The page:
Thirteen of those became hurricanes (top winds of 74 mph or greater). Six of those reached Category 3 or higher.(1)
Hurricanes are categorized using the Saffir-Simpson Hurricane Wind Scale. Other scales are used by experts to explain and describe the intensity or severity of disasters like tornadoes and earthquakes. Below are descriptions of some of them.
The Saffir-Simpson Hurricane Wind Scale
The Saffir-Simpson Hurricane Wind Scale was created in 1971 by civil engineer Herbert Saffir and meteorologist Robert Simpson. Hurricanes are rated (or categorized) 1 to 5 based on their maximum sustained wind speed. The category relates wind speed to the kinds of property damage that are likely to occur from wind.(2)
All hurricanes produce life-threatening winds, but only storms rated Category 3 and higher are considered major hurricanes. Major hurricanes cause devastating to catastrophic wind damage.
Hurricanes of all categories can produce storm surge that requires people to evacuate and take other preventative measures.
The Saffir-Simpson scale only provides information about wind damage. It does not describe damage from other hazards, such as storm surge, inland flooding, or tornadoes spawned by the storm.
Along the coast, storm surge is often the greatest threat to life and property from a hurricane. At least 1,500 people died during Hurricane Katrina in 2005. Many of those deaths are attributed either directly or indirectly to storm surge.(3)
Evacuation orders are more likely to be based on storm surge or inland flooding than on the Saffir-Simpson category. It is critical for emergency officials and the public to stay informed of the forecast and to prepare regardless of whether they live near the coast or well inland.
The Enhanced Fujita Scale
Researcher Ted Fujita and Allen Pearson of the National Weather Service (NWS), introduced the original Fujita Scale for rating tornadoes in 1971.
Wind researchers and engineers provided substantial enhancements to the scale in the early 2000s, called the Enhanced Fujita (EF) Scale. NWS adopted the scale in 2007. Like the F-Scale, the EF Scale estimates a tornado’s intensity on a scale, from 0 to 5, based on surveyed damage.(4)
NWS is the only federal agency with the authority to provide official ratings for tornadoes. Ratings are not based on actual measurements of wind speed; although, some researchers have equipment that can estimate speeds through radar velocity data. Ratings are estimates of wind speed based on assessed damage to structures and vegetation. The result is a range of likely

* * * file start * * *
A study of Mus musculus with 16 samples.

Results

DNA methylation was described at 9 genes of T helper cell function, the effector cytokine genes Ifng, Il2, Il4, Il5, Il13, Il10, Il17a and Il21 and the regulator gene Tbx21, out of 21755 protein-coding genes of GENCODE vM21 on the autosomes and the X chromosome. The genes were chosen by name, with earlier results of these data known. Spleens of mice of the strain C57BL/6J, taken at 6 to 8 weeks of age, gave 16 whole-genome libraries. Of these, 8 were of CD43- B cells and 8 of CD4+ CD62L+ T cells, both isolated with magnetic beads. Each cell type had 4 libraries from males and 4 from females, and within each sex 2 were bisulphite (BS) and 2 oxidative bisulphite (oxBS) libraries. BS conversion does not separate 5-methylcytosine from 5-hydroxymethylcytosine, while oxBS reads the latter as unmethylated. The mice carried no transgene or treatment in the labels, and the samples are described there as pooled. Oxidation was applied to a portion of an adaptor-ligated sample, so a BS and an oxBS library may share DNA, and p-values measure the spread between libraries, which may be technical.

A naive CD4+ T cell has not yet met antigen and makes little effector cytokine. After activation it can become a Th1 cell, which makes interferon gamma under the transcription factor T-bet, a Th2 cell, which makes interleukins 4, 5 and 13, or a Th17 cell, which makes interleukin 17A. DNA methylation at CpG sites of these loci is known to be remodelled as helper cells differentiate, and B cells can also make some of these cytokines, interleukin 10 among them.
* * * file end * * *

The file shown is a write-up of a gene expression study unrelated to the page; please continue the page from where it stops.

The most recent EF5 tornado struck Moore, Okla., in May 2013.(5) It killed 24 people, injured many more, and caused billions of dollars in damage. After that tornado, the City of Moore passed building codes requiring new homes be built to withstand at least EF2 wind speeds.
Earthquake Magnitude Scales
The Richter Magnitude scale was developed in 1935 by Charles F. Richter of the California Institute of Technology and was followed later by many additional magnitude scales. The Moment Magnitude scale is used to rate the magnitude (the amount of energy released) of an earthquake, and is preferred by scientists to determine earthquake magnitudes today. Magnitude is not determined by assessing the damage caused by an earthquake but by using the shaking recorded at the surface as measured by instruments known as seismographs.(6)
Magnitude is expressed on the Moment Magnitude scale in whole numbers and decimal fractions. A whole number increase in magnitude represents a tenfold increase in measured energy. Each whole number step in the magnitude scale corresponds to the release of about 31 times more energy than the amount associated with the preceding whole number value.
Another important scale used by earthquake scientists is the Modified Mercalli Intensity (MMI) scale. The MMI scale estimates the intensity of shaking in the region around the earthquake epicenter with a range of values that varies across the landscape corresponding to felt reports of shaking and damage.
An earthquake with a magnitude of 6.7 struck the southern California city of Northridge in 1994. The quake killed 57 people, injured more than 9,000, and displaced over 20,000. It caused an estimated $20 billion in property losses and infrastructure damages. It is considered the costliest earthquake in U.S. history.(7)
As a result, building codes changed and retrofitting was done at hospitals and on freeways and water pipes to mitigate (or reduce) the effect of the next earthquake.(8, 9) State and local responders are prepared for the next earthquake with emergency plans and early warning systems, like the MyShake App.